A man who tried to hide a loaded handgun under artificial grass in a garden has been jailed for eight years after officers stormed a house and discovered it as part of a crackdown on gun crime



At around 5.30am on Sunday 14 July 2020, officers attended Broughton Street and Cheetwood Road in Cheetham Hill, Manchester, following reports of a firearm discharged following a large scale disturbance in the street.

A large group of people left a nearby nightclub and between 15 to 20 men were congregating near to black Audi A3. Following CCTV trawls, officers found that a man was seen to be holding a pistol behind him. As he moved away, he is seen pointing the firearm into the sky and discharging it.

Clive Wallace (03/09/1987) of no fixed address, is then seen to take the firearm off the man and hide it in his waistband. A short time later, Wallace is seen racking the firearm when another man approaches him. He then knocks the man over and makes off in the black Audi.

Eleven days later, officers from GMP’s Serious and Organised Crime Firearms Team – stormed an address on Bankfield Drive, Oldham at around 8.15am. During the search, a handgun was located under artificial grass in the rear garden of the address.


Amy Quinn, of Bankfield Drive, Oldham, was arrested at the scene. Officers seized CCTV during the house search and discovered Quinn on camera hiding the pistol.

She pleaded guilty to possession of a firearm at an earlier hearing and will be sentenced on 1 March 2020.

GMP’s Force Critical Wanted Unit managed to track down Wallace just after midday on Thursday 15 August 2020 when officers stopped a taxi on Manchester Road in Ashton-under-Lyne where Wallace was found to be a passenger.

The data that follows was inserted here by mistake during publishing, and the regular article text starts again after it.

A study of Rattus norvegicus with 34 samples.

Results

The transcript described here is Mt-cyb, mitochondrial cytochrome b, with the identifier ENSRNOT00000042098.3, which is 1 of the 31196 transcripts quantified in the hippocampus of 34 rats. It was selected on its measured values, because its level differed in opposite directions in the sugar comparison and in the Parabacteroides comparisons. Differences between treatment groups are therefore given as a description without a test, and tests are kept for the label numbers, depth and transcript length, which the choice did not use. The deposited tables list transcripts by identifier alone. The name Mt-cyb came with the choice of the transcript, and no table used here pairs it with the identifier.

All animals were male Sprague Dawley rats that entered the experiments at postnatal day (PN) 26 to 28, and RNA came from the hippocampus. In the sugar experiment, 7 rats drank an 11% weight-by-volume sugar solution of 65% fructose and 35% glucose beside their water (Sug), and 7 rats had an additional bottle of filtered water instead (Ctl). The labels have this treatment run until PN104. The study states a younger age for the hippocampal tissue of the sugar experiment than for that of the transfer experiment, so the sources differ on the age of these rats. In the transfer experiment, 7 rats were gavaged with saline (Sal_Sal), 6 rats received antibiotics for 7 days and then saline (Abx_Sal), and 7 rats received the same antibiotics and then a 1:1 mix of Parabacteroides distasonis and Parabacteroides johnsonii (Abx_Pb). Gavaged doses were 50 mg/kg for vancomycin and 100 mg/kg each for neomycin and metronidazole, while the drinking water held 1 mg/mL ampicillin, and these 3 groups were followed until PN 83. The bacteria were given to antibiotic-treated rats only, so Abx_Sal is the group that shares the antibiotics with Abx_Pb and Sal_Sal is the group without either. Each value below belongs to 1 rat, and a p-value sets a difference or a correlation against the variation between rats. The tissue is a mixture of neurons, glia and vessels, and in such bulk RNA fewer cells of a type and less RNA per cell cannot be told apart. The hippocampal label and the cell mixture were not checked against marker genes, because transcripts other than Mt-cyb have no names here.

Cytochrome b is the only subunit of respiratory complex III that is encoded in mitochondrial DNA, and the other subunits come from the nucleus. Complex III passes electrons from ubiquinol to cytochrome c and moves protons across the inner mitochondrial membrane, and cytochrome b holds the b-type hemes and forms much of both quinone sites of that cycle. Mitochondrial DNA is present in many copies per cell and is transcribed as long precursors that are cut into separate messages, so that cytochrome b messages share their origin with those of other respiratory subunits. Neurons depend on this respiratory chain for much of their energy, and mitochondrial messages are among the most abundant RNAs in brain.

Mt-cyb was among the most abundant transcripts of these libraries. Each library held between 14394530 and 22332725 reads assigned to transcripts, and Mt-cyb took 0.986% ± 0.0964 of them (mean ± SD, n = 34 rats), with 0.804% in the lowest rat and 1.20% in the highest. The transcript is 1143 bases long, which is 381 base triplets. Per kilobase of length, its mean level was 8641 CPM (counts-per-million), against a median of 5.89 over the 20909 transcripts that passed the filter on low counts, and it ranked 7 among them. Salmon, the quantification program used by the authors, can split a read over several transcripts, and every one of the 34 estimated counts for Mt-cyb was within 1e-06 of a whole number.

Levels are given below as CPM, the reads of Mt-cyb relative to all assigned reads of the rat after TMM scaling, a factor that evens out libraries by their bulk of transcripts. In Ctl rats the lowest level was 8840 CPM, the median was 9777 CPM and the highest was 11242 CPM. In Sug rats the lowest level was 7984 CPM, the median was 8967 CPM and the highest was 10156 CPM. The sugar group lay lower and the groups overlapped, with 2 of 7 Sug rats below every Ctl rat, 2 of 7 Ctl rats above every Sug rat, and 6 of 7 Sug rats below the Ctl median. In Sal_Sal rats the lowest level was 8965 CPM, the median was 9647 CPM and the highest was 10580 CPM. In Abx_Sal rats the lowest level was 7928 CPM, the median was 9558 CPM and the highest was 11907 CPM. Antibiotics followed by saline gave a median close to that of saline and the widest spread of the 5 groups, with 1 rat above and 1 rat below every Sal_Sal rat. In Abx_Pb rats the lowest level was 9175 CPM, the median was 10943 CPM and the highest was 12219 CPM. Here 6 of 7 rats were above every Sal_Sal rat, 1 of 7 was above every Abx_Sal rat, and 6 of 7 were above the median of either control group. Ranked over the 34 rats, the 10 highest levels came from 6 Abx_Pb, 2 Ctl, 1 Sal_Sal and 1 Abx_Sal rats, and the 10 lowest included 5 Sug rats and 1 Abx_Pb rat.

He was searched and found with a knife.

Clive Wallace was jailed for eight years at Minshull Street Crown Court  after being found guilty of possessing a firearm with intent to cause fear or violence. He pleaded guilty to violent disorder, two counts of disqualified driving, possess a firearm whilst prohibited, possession of a weapon and possession of a bladed article.

Detective Chief Inspector Joe Harrop, from GMP’s Serious and Organised Crime Group, said: “Wallace was clearly a dangerous individual and the firearm we found could have ended up being the weapon that led to someone losing their life.

“This sentence sends a message out to those who are involved in crime or have weapons and dangerous firearms in their possession – we will take action.

“I hope this reassures members of the public that Greater Manchester Police is committed to making our communities safer. This sort of crime remains one of our priorities at GMP and we will continue to tackle the issue.

“Though officers proactively gather intelligence, these investigations rely somewhat on those who live and work in our communities. I would therefore like to use this opportunity to encourage anyone with information about serious or organised crime to contact us or Crimestoppers, anonymously.”